A tribute to the retiring Brit Hume
Grand County, Colorado
Brit Hume, after almost four decades of highly professional print and TV journalism, is retiring. Hopefully, Brit will now add more books to the two he has already written.
Back in 1987, when yours truly was editor-in-chief of The Capital Times of Lincoln, Neb., and also writing 650 words of opinion each week under the title “Central View,” I took a call from a reporter for the relatively new USA Today. He was desperate for some quick facts about some Nebraska political figures. I was happy to help.
Shortly, he called again, needing more help. At the end of that conversation, he asked how he could repay my kindness. I asked him to bring “Central View” to the attention of the editorial staff at USA Today. He said, “Oh, I get it. Lincoln, Nebraska, is near the geographical center of the USA. That’s how your column got its name.” I said, “You got it.”
Patience. I’ll get to Brit Hume in a minute. Al Neuharth, the founder of USA Today, hailed from South Dakota. Al had this nutty idea that folks in fly-over land might actually know something. Now, I had two elements working for me: A contact inside USA Today who owned me a favor plus Al Newharth’s philosophy.
One day, already in Washington, D.C., on another matter, I decided to see if I could break into USA Today with a story about the then on-going Iran-Contra Hearings. Arriving outside the hearing chamber without any Capitol Hill press credentials, I knew I was up against the system. But it wasn’t ingenuity and resourcefulness that saved my bacon that day.
Sans press credentials, I lined up in the hallway with the hoard of folks trying to get inside. The sergeants-at-arms would count off the number of people to be let in to take the places of the folks being let out. Each group only got to stay inside for a few minutes before being hustled back out.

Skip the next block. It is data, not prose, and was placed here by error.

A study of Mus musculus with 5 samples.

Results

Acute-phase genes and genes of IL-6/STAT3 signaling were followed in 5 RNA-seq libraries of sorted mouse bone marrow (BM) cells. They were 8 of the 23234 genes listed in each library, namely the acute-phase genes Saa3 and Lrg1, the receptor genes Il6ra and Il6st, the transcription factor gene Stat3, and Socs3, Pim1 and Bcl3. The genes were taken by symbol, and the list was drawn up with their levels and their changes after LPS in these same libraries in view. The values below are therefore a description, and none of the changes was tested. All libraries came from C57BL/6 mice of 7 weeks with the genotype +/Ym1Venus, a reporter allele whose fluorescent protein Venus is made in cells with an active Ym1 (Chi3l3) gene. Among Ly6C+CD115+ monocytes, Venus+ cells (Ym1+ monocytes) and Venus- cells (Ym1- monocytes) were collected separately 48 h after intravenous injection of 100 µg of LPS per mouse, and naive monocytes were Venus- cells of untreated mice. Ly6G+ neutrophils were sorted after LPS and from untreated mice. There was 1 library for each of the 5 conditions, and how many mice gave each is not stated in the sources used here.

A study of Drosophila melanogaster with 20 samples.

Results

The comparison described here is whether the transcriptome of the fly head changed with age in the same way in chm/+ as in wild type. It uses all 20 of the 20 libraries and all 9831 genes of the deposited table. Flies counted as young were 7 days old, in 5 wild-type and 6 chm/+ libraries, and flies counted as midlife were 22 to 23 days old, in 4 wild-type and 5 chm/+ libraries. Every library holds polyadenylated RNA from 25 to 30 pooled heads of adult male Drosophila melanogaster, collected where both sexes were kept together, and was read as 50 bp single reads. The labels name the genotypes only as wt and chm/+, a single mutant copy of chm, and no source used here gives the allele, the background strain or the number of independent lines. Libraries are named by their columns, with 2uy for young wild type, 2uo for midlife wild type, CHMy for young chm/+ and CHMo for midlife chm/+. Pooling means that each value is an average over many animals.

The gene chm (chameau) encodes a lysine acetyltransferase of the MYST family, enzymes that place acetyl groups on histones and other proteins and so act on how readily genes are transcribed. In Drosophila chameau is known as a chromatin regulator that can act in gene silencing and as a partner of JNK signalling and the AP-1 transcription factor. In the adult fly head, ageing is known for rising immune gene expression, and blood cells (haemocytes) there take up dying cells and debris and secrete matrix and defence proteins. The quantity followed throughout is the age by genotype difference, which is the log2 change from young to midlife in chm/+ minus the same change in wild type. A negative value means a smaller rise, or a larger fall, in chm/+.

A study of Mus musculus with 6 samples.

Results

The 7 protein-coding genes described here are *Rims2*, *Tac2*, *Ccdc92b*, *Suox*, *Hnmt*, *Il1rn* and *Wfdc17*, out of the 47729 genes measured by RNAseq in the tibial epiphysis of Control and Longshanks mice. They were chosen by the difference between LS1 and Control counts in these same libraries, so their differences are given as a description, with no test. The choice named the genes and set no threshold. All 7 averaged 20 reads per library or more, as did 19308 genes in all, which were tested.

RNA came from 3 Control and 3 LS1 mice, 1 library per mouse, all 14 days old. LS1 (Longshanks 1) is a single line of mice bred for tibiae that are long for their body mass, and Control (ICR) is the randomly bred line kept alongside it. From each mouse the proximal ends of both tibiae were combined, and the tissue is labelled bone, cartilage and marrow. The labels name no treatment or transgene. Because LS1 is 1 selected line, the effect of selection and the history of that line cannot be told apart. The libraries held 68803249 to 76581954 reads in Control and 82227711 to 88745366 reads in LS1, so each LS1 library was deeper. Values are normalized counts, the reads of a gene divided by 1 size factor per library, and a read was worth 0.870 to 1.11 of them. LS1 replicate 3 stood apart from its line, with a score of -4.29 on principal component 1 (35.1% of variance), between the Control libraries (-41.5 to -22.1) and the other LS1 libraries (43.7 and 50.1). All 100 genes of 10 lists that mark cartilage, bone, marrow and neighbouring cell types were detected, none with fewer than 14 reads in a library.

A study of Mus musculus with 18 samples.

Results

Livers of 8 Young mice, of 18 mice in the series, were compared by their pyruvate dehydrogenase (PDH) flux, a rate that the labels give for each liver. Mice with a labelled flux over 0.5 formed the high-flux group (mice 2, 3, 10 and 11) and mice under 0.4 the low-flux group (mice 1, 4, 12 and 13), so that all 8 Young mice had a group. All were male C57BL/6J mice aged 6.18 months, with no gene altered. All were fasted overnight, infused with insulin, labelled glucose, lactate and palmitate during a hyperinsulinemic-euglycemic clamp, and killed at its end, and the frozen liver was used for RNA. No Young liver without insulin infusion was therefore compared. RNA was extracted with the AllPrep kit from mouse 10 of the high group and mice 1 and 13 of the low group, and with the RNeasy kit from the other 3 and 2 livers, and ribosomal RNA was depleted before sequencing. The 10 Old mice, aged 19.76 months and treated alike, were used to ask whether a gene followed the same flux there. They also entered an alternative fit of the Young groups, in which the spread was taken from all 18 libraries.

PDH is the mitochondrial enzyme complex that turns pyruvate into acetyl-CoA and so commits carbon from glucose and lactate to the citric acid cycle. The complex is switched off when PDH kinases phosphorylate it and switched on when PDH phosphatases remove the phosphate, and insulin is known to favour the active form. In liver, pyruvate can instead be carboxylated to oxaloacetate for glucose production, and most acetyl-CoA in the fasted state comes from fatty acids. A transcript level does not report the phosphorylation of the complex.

Cut to the chase: Brit Hume, whom I had only seen as the ABC-TV Capitol Hill correspondent, came to my rescue. When time came to be ushered in, I caught the eye of the only familiar face amidst the rows of reporters, that of Brit Hume. Brit, in his smiling, avuncular way, came ambling over. I whispered my name and told him I was trying for a piece in USA Today. Brit put his arm around my shoulder as he explained to the sergeant-at-arms that his journalist-colleague, Bill Hamilton, would be sitting all day with Brit in the press area.
Thanks to Brit, I got the full flavor of the media circus known as the Iran-Contra Hearings. Once back in Lincoln, I used satire to report that, due to some kind of TV-switching error, I had witnessed the Presidium of the USSR conducting a show trial of some American agents who had been caught trying to overthrow a Soviet-backed regime in Central America.
Apparently, I did OK. The satire appeared in USA Today on July 3, 1987. Since then, I have completed dozens of assignments for the nation’s most widely circulated newspaper.
For example, in December 1990, when Soviet Vice President Gennady Yanayev led a coup to overthrow Mikhail Gorbachev, my then-USA Today editor, Sid Hurlburt, recalled that my wife and I had, a couple of years earlier, interviewed Gennady Yanayev in Yanayev’s Moscow office. Sid let me opine that the hopelessly alcoholic Yanayev could not organize a one-car parade and that his coup would fail within hours. On our prediction, USA Today scooped the rest of the world press by several days.
Brit Hume, Sid Hurlburt, and Al Newharth provided the kind of breaks most writers from the “central” fly-over part of the United States rarely get. Forever grateful to them all; I am especially indebted to Brit.
” William Hamilton, a syndicated columnist and a featured commentator for USA Today, was recently named to the Oklahoma University Army ROTC Wall of Fame and was also inducted into the Colorado Aviation Hall of Fame.